Not for the first time, I left Murrayfield on Saturday over £100 lighter and wondering whether or not international rugby represents good value for money.
Ticket prices have also dominated much of the debate about international football, with a top price of £60 for the England game at Celtic Park on Tuesday, compared to £45 for the Euro qualifier against the Republic of Ireland last Friday.
That compares with a £70 platinum ticket for Murrayfield last Saturday, but also a top price of £40 to watch Tonga this weekend at Kilmarnock.
But these are for rugby friendlies and the prices rise further for the Six Nations – it can cost up to £80 to see the Wales game in February and £75 for the Italy match.
For really bank-busting prices, look no further than the World Cup next September, where the minimum price for an adult at the South Africa v Scotland game at St James’ Park in Newcastle is £50. Anybody who has been to see Newcastle United knows what kind of view you get from the cheap seats. Upgrade to the top price and you need to shell out a ridiculous £175.
I was lucky enough to get along to Celtic Park on Friday for what was a cracking game of end-to-end football – only one goal but drama aplenty and a nail-biting climax. I was also lucky enough to be a guest.
Not so on Saturday when by the time I’d booked tickets the previous week for two dads and their kids to sit together there were only “Gold” tickets left; not the most expensive, but still £90 for a father and son. Add £5 for a programme, another £5 for a ref-link which didn’t work and you’re a ton down. A couple of drinks and a pie and there’s not much change from £120.
It wasn’t a bad match, but Scotland never really looked like getting the better of what was effectively an All Black second-string.
And £120 is a lot to shell out for the privilege of sitting behind an idiot who bawled his way through the entire match in a vain attempt to flirt with Kiwi girls 20 years his junior.
Commercially anyway, both the SRU and the SFA will be happy with the events of the past week, with over 60,000 people at both football internationals and the same at Murrayfield. The SRU will also be reasonably satisfied with the 36,000 who went to the Argentina game the week before.
So how did the two experiences compare? Inside Celtic Park comfortable bars run under the stands, with very little queuing. At Murrayfield lines of thirsty fans snake from marquees some distance and a stair climb away from the seats, but at least you can take your drinks into the ground.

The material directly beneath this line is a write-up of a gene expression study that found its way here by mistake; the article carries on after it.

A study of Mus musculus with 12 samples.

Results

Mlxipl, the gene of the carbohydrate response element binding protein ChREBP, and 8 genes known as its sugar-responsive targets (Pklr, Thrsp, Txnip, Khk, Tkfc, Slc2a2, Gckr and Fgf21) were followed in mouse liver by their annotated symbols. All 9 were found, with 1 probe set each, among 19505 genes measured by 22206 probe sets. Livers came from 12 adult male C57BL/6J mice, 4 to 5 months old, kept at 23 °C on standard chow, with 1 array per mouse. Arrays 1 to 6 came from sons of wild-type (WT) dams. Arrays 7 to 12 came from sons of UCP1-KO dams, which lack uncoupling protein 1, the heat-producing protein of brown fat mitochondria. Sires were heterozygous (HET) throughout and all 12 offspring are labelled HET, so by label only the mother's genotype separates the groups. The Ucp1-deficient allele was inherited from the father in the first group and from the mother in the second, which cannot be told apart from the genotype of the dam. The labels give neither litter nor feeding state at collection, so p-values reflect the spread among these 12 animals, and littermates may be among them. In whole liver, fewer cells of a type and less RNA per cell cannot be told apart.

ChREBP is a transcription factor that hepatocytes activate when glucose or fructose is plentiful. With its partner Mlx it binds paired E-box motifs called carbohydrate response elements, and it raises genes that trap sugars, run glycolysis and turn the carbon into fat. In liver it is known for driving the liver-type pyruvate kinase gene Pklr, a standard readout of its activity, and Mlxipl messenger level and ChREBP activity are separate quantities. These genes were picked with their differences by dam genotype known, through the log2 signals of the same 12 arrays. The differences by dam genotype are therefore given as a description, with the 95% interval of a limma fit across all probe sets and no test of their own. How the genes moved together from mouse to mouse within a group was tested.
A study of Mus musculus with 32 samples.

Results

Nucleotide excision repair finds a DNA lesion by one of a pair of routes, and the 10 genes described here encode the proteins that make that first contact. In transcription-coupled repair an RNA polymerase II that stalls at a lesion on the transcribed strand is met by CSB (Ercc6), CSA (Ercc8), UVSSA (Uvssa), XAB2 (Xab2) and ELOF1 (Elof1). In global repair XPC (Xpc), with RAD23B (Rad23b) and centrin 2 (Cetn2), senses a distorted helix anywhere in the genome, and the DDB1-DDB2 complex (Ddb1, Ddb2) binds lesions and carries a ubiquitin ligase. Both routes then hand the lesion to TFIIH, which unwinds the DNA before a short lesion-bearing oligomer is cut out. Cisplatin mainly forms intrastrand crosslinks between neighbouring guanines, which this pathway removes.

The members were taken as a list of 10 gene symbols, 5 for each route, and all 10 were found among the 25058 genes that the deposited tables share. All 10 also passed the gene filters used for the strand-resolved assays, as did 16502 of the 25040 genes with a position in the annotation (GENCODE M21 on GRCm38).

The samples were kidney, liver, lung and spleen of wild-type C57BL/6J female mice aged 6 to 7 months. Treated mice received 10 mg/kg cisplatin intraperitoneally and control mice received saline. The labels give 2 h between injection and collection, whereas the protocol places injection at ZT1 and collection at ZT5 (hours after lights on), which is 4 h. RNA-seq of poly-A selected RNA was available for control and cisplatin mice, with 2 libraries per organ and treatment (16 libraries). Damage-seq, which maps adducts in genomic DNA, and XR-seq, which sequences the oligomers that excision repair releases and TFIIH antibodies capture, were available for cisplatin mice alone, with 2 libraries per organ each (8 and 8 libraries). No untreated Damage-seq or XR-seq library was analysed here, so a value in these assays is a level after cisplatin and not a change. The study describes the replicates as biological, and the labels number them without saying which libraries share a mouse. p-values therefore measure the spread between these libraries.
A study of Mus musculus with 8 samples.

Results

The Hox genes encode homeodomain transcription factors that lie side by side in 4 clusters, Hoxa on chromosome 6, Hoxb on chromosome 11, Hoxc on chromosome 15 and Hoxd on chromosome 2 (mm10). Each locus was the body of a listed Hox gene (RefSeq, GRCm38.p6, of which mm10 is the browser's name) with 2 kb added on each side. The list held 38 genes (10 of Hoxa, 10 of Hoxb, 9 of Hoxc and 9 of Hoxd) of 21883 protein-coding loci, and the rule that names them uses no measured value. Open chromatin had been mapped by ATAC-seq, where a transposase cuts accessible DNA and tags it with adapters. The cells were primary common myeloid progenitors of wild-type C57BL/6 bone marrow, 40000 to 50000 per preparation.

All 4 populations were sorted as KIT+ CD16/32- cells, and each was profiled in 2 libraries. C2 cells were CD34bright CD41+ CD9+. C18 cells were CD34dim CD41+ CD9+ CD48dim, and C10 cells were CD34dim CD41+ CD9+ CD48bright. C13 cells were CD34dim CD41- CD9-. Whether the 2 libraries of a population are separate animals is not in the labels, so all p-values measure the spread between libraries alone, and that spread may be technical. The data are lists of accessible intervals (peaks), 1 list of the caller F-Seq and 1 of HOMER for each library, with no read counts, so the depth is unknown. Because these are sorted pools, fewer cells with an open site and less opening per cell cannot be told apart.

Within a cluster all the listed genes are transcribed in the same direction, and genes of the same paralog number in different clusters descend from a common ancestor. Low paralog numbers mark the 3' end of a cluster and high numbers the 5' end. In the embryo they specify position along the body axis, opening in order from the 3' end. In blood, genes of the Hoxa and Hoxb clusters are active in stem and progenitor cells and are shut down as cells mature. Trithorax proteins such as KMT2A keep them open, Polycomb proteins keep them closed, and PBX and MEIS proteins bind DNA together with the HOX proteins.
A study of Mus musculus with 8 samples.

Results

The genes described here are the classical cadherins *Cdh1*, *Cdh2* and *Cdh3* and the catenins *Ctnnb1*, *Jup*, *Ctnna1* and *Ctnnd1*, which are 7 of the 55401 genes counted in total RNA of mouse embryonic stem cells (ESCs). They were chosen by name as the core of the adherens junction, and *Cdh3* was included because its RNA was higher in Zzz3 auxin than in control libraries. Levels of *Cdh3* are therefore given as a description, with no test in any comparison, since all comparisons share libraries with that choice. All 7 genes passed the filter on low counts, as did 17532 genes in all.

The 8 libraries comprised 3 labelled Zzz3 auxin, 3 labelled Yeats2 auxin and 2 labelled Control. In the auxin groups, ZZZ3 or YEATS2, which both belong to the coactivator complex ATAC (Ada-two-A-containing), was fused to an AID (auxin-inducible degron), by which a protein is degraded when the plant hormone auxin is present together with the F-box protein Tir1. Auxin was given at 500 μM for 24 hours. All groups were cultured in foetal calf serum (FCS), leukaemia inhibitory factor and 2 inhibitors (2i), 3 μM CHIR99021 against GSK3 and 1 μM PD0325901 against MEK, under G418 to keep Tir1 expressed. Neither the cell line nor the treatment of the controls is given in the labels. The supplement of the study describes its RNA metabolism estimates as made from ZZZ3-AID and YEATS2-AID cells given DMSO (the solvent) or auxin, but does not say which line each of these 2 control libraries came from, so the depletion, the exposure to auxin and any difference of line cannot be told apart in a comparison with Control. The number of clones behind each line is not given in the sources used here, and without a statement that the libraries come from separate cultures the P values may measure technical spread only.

For the game itself, replay screens mean rugby supporters leave the ground pretty much knowing what’s happened, but on Friday night Celtic Park’s big screens showed only the score and the time. Scott Brown’s deft back-heel to set up Sean Maloney’s winner only became apparent afterwards.
And rugby supporters always know exactly how much time is left, whereas football fans are left to guess if injury time is up or not.
Football’s reluctance to embrace technology has been well documented and continues to defy logic, as if having something to talk about afterwards is an acceptable reason for tolerating avoidable and costly mistakes. It also forgets that in their day, the bar and a net were the Victorian equivalent of goal-line technology to prevent arguments.
But what rugby union seems incapable of accepting is that the game is too difficult for even the most seasoned observer to understand. Even when the ref-link works, all around international grounds people look at each other with shrugged shoulders every time the referee’s whistle blows.
It is the true rugby aficionado who says “I haven’t a clue what’s going on, but neither does the referee”.
Only rarely at football do fans not know what is going on – sure, they usually disagree with decisions which go against their team, but they know why they have been given. It’s a simple game.
So often the people who are last to be considered are the fans who have to stump up an increasing amount of money to see top matches Rugby unions – the English and Irish authorities are as guilty as the SRU – treat fans as cash cows to be milked while failing to address fundamental weaknesses in their product.
Football might not be as expensive as rugby, but similarly there is an inexcusable reluctance to make the proceedings as transparent as possible. Given the shambles of the FIFA corruption investigation maybe we shouldn’t be surprised.
Herded like cattle, charged exorbitant prices at every turn and one way or another fed a sub-standard product, it’s remarkable so many of us continue to turn up at all.